Back when I was a churchgoin’ sort of fellow, there was a pretty catchy hymn I liked that contained the lyric “When we all get to heaven/What a day of rejoicing that will be.”
That sounded pretty good to me at the time: all your old friends and relatives gathered around, praising God, whooping it up, looking forward to an eternity of more praising God and whooping it up. It seemed to me that anyone who had the opportunity to get in on something that sounded like so much fun would be crazy to take a pass on it.
Yes, sir, after praising God for a billion years, you’re just getting warmed up for the next trillion.
Anyway, I don’t know if you’ve noticed, but these days I take a more rational view of the world. There are enough solvable problems on this planet that everyone ought to be able to find a niche in one of three categories: (1) people trying to solve the problems, (2) people trying to entertain the people trying to solve the problems, and (3) people who have sense enough to stay out of the way of the people trying to solve the problems.
But the way I see it, there’s a fourth category of people who want you to believe that it doesn’t matter if anyone solves these problems or not, because in just a few years it’ll all be over anyhow and several million people will be taken up to heaven in something called the rapture.
What a day of rejoicing that will be—particularly if you have any inclination toward looting. But I digress.
Sad to say, there’s a lot of energy diverted from problem-solving into rapture-preparedness. I refer you now to a website known as Rapture Letters (www.raptureletters.com), a site for people who are convinced they’ll be among the raptured. These people are encouraged to submit the names and email addresses of people they’re pretty sure won’t be raptured, so that when the big day comes, an automatic email will be sent to these people, explaining that their friends and neighbors have been taken up to heaven and offering them an opportunity to get on the right track, too, for whatever comes next. The post-rapture, maybe, or the rapture wrap-up.
Now, call me a cynic, but I think they’re collecting those email addresses for a whole ‘nother reason. I think they’re just trying to build the world’s largest database of heathens and free thinkers. If you read the site carefully, nowhere does it say “We will not spam the person whose email address you send us.”
If you haven’t checked out the site yet, here’s how it’s supposed to work: You send in the name and email address of your unbelieving buddy. That address is added to the database of people scheduled to get the “rapture letter,” which begins “This message has been sent to you by a friend or a relative who has recently disappeared along with millions and millions of people around the world. The reason they chose to send you this letter is because they cared about you and would like you to know the truth about where they went. This may come as a shock to you, but the one who sent you this has been takenup to heaven,” etc etc.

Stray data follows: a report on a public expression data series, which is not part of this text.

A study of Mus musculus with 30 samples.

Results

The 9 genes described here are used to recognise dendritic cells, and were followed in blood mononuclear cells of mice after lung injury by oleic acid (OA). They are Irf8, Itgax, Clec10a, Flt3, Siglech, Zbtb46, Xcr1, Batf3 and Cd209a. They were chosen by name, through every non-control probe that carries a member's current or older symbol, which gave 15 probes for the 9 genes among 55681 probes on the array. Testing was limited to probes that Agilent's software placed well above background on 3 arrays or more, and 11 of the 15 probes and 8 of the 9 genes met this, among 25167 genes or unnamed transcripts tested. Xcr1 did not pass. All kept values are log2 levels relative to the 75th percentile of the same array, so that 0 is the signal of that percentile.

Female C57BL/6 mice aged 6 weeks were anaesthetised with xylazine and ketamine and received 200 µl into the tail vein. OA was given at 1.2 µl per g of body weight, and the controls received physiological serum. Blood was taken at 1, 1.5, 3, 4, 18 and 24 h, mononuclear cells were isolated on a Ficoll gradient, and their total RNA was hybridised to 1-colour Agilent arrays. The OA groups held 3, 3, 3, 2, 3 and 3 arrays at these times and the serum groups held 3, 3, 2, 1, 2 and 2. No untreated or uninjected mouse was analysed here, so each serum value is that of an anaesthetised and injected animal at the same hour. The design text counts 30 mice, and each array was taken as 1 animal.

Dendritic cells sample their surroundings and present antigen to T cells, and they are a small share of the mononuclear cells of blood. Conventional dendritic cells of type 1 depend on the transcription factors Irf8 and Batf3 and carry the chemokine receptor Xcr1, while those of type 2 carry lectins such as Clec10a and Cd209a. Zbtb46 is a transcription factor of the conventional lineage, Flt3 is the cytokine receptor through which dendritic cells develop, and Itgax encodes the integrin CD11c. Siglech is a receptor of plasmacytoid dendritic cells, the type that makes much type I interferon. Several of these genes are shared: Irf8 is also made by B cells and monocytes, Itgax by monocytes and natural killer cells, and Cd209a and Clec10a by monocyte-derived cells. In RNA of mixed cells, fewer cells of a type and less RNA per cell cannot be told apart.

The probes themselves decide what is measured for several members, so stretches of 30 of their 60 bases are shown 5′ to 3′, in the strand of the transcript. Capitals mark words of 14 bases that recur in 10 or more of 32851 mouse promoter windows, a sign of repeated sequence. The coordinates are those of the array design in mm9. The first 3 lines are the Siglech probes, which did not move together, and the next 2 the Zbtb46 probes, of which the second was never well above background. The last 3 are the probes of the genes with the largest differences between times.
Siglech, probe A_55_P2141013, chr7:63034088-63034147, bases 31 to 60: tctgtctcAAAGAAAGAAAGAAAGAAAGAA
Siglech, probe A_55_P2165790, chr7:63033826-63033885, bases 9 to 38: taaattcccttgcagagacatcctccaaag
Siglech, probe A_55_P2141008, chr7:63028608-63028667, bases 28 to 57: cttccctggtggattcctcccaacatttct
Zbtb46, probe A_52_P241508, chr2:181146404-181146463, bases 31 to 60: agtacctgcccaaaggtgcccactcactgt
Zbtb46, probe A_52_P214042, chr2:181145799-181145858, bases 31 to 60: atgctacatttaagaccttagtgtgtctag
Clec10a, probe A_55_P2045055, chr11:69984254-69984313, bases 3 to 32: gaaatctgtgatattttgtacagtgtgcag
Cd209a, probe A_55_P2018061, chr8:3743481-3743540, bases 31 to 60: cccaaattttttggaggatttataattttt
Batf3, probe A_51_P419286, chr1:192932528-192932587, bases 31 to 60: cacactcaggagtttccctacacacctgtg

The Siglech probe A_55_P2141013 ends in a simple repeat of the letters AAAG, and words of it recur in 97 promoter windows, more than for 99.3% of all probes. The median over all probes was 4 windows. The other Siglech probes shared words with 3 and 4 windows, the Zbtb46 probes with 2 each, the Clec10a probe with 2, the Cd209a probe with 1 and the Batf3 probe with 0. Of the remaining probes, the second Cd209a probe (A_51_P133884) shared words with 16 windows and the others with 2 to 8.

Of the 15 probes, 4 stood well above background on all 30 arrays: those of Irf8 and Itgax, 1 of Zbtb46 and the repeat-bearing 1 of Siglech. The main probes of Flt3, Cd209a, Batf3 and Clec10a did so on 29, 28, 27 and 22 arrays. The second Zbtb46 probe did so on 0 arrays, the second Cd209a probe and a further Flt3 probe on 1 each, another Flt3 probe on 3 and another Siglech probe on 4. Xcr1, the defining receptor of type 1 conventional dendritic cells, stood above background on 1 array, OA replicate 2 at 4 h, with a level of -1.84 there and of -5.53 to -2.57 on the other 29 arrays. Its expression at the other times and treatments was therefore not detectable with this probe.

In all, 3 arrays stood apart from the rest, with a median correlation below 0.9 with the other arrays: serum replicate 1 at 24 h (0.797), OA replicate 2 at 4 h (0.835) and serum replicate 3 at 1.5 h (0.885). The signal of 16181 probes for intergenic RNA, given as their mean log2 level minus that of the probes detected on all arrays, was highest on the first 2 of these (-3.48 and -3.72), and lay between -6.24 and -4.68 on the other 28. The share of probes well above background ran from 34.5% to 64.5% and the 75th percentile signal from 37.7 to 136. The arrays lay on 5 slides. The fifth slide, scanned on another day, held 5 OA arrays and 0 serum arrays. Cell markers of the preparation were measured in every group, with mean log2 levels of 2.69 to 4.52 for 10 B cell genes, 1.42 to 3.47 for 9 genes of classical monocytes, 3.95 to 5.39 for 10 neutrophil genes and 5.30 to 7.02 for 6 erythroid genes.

Now, the superpowered mainframe computer at Rapture Letters Headquarters has been programmed to send the rapture letter to the entire database every Friday—unless the head man in charge manually resets it before then. Naturally, the man in charge has no doubt he’s going to be raptured, so if he’s not around to hit the reset button, there can be no other explanation: It’s rapture time.
(The website says that the mailing list will receive the rapture letter on the first Friday after the rapture. So if the rapture happens on a Saturday, it’ll be six days before you get your letter. You could drop a note in the corner mailbox on your way up to heaven, and it'll get there faster than the email.)
The website doesn’t indicate whose brilliant idea this was, but I just imagine that someday, many years from now, the programmer on his deathbed will call his firstborn son to his side: “Son—I’ve been pressing the reset button on the rapture letters program every Friday for the last 57 years. I’d like you to take over for me, son.”
“I promise, Dad.”
And then two hours after the funeral, delete goes the database and Dad’s old computer gets tossed in the landfill.
It’s free to have a name added to the database, but there’s also a section of the website that says they accept “love offerings.” They assure us that only 10 percent of donations are used for administrative costs, while 90 percent are used to “further the kingdom of God.”
I suspect that furthering the kingdom of God covers about as much ground for these people as it does for charlatans like Pat Robertson.
If you think a rapture is going to occur in your lifetime (and it would pretty much have to, if they don’t want all those emails to bounce back), by all means, send the folks at Rapture Letters a name or two and pat yourself on the back. But once you’re done doing that, take a look around and see if there’s something helpful you can do now.